Chris Kelly, co-founder of Nourish Balance Thrive, joins the show today to talk about the things that need to take place outside of the gym in order to optimize your life and your performance inside of it. This includes “how to win at angry birds”, a 4 quadrant model for intervention, behavior change, and the SEEDS acronym for making meaningful change in your life.
Chris was brought to the US from London some 17 years ago by a tech company while working as a computer scientist. Although he enjoyed various activities in his life like mountain biking, kiteboarding, and snowboarding, he began to see his health decline as he chased greater levels of performance without paying attention to the finer details of nutrition and self care. It wasn’t until he had experienced some, ahem, trouble in the bedroom when he began to take the deep dive into finding the root cause of some of the issues he was experiencing. Once Chris had his own personal “eureka moment” after making changes to his diet and lifestyle, he wanted to dedicate his life to helping others do the same and started his company Nourish Balance Thrive 6 years ago.
We kick things off by discussing the hardest part of the process when something just isn’t going right: getting started. With the constant barrage of online marketing and sales gimmicks, Chris wanted to help people find the right system to implement so that the barrier to entry was lower and more easily attainable.
Chris discusses “How to win at Angry Birds” and the process of taking something apart vs trial and error when trying to figure something out. Those that decide to just play the game and learn through experience and trial & error are going to beat those that try to pull apart the game and look deep into its roots. This is representative of medicine, looking at how humans have ignored playing the game from an ancestral health perspective and jumped straight to the reductionist approach of playing with enzymes, genes, etc.
This leads us to a 4 quadrant model of intervention. Quadrant 1 includes minimizing environmental mismatch and addressing the fundamental components of being a human (think sleep, diet, movement, stress management). Quadrant 2 includes things that are exploitative of our physiology (strength & conditioning, insulin pumps, meditation, psychotherapy). Quadrant 3 includes nutritional supplements (vitamin deficiencies, etc) and Quadrant 4 includes pharmacology (blood pressure medication, cholesterol medication). These quadrants should be introduced in order, while doctors make the mistake of going straight to Quadrant 4. This model can help you find signals in the midst of all the noise.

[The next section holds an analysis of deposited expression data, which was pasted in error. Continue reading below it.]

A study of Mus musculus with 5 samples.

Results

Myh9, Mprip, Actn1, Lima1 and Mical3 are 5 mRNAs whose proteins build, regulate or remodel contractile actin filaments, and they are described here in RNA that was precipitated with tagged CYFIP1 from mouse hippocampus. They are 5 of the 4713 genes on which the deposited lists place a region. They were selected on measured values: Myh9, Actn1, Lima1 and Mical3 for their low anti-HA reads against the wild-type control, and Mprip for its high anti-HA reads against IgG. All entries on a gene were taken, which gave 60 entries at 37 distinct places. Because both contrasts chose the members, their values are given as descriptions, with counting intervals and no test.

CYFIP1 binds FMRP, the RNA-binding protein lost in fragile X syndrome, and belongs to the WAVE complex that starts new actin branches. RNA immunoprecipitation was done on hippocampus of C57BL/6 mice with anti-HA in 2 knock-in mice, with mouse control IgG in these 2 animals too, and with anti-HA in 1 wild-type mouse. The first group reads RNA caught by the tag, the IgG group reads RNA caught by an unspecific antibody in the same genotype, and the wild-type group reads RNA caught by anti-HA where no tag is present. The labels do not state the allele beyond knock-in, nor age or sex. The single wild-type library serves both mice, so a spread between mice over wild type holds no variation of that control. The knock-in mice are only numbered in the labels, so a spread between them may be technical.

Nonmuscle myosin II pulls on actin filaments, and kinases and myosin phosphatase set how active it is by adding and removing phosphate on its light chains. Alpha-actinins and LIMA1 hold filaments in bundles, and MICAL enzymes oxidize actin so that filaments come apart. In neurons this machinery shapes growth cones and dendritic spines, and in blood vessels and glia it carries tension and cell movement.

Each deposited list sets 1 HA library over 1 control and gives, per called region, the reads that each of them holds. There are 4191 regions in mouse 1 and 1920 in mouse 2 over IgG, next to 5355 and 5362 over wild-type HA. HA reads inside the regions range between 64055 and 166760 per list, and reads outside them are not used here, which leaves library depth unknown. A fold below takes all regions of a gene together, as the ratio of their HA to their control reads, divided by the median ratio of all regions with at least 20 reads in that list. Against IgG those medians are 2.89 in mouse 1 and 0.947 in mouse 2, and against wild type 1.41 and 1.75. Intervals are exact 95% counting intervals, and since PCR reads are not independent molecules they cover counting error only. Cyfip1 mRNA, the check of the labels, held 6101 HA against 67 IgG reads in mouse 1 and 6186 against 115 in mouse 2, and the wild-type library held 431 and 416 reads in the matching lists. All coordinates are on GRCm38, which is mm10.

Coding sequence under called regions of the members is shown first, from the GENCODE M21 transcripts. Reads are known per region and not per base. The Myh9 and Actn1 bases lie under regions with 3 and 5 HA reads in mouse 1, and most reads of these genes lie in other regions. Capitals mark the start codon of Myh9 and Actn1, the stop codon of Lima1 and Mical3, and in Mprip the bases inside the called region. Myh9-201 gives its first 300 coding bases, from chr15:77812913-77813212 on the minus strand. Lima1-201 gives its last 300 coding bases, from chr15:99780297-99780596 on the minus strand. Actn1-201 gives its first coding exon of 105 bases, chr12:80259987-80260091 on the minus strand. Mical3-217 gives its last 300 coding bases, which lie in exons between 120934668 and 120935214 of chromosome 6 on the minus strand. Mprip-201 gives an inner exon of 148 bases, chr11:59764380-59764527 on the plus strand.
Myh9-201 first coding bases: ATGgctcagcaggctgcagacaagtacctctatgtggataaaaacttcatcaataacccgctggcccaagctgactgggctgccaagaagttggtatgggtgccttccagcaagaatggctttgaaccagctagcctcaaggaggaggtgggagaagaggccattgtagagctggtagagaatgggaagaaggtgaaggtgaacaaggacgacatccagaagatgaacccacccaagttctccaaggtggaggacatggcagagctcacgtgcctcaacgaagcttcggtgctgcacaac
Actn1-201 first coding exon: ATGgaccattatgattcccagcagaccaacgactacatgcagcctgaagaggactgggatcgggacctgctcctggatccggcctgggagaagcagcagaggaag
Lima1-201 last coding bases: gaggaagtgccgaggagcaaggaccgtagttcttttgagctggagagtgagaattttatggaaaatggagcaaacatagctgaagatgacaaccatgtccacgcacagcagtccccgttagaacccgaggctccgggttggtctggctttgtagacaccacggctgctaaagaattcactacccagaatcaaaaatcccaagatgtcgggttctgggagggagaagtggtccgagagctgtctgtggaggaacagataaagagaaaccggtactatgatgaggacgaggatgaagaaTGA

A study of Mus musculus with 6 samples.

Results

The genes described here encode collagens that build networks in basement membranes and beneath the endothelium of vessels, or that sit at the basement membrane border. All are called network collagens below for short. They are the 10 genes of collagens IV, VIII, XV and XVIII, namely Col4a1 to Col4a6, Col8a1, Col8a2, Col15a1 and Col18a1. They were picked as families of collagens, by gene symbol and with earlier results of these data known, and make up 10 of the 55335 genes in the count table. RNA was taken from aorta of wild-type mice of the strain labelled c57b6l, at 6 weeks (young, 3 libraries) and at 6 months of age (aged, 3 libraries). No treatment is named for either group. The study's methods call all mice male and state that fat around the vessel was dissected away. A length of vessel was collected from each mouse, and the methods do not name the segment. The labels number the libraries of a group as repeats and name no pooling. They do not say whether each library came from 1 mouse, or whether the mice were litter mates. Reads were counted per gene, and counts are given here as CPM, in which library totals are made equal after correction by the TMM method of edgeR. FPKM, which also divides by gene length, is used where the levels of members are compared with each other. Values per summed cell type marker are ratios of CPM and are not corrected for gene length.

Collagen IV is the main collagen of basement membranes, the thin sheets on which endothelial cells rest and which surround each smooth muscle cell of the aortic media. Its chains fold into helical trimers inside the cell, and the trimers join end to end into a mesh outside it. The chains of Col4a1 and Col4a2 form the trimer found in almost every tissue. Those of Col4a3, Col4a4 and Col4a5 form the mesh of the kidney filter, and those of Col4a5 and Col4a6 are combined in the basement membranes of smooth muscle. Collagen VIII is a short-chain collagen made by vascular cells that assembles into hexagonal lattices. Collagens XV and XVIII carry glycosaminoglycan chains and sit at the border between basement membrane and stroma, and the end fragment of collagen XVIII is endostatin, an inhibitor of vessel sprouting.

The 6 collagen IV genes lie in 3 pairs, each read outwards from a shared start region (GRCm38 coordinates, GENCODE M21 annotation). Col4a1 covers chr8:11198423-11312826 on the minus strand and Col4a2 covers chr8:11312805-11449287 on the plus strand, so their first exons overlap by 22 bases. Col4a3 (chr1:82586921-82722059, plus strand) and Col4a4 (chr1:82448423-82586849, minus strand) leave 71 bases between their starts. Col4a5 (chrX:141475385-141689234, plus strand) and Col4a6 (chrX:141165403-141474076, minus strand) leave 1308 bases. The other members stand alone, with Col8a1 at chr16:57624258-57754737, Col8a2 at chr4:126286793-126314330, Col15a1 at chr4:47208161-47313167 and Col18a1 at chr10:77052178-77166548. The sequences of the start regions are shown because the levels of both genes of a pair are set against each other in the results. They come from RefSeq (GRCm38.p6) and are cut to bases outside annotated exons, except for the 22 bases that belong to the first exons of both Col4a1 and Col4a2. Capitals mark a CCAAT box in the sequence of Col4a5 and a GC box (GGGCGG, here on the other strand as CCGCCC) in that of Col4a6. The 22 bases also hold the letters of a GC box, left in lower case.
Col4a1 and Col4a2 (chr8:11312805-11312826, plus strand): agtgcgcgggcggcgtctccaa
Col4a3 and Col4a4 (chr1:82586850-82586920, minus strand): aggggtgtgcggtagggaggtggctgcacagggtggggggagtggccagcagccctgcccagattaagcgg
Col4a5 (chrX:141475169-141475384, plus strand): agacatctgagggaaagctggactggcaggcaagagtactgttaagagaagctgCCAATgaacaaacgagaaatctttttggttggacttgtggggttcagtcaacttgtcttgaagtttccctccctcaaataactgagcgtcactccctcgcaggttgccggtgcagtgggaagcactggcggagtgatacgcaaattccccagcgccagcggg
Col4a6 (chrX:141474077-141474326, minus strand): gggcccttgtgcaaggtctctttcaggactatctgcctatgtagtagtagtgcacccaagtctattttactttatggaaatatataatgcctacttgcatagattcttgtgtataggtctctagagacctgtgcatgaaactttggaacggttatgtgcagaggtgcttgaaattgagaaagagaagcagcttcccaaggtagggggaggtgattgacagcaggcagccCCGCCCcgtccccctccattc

This model is important for clients that are constantly reaching towards Quadrant 3 & 4 items when they aren’t hammering down on the basics. Once the client starts to get the basics down, the need for any more usually disappears. In the rare case they still have issues, they now have earned the right to look down the line at more options. We then continue to discuss the effectiveness of trial & error when it comes to health and self improvement. Often times you may need to just try certain interventions and decide for yourself if they are a good fit for your lifestyle, goals, and health concerns as opposed to partaking in the on-going debates.
Chris then segways into behavior change for humans and some resources that he has found useful on this front. The cornerstone of this is self monitoring, followed by implementation intentions (how you’ll do it, not what you’ll do). Chris believes that through using the right system, behavior change is do-able and sustainable for the long term.
This leads to Chris discussing the SEEDS (sleep, exercise, eating, drinking, stress management) acronym by Simon Marshall. This is also a metaphor for planting a seed, watering and nurturing it, and letting it grow into a mature plant. These small things that you can do daily will compound overtime into meaningful change. While these behaviors seem rather miniscule and take 2 minutes or less, they allow us to shift to auto pilot, get some wins under our belt, and build momentum towards the changes we ultimately want to see.
Additionally, Simon also uses a “traffic light system” that enables you to categorize your health behaviors according to their priority and learn to cope when life doesn’t always go your way. A large part of behavior change has to do with the ease of implementation and how those changes fit into your life.
Enjoy and hit that subscribe button if you learned a thing or two.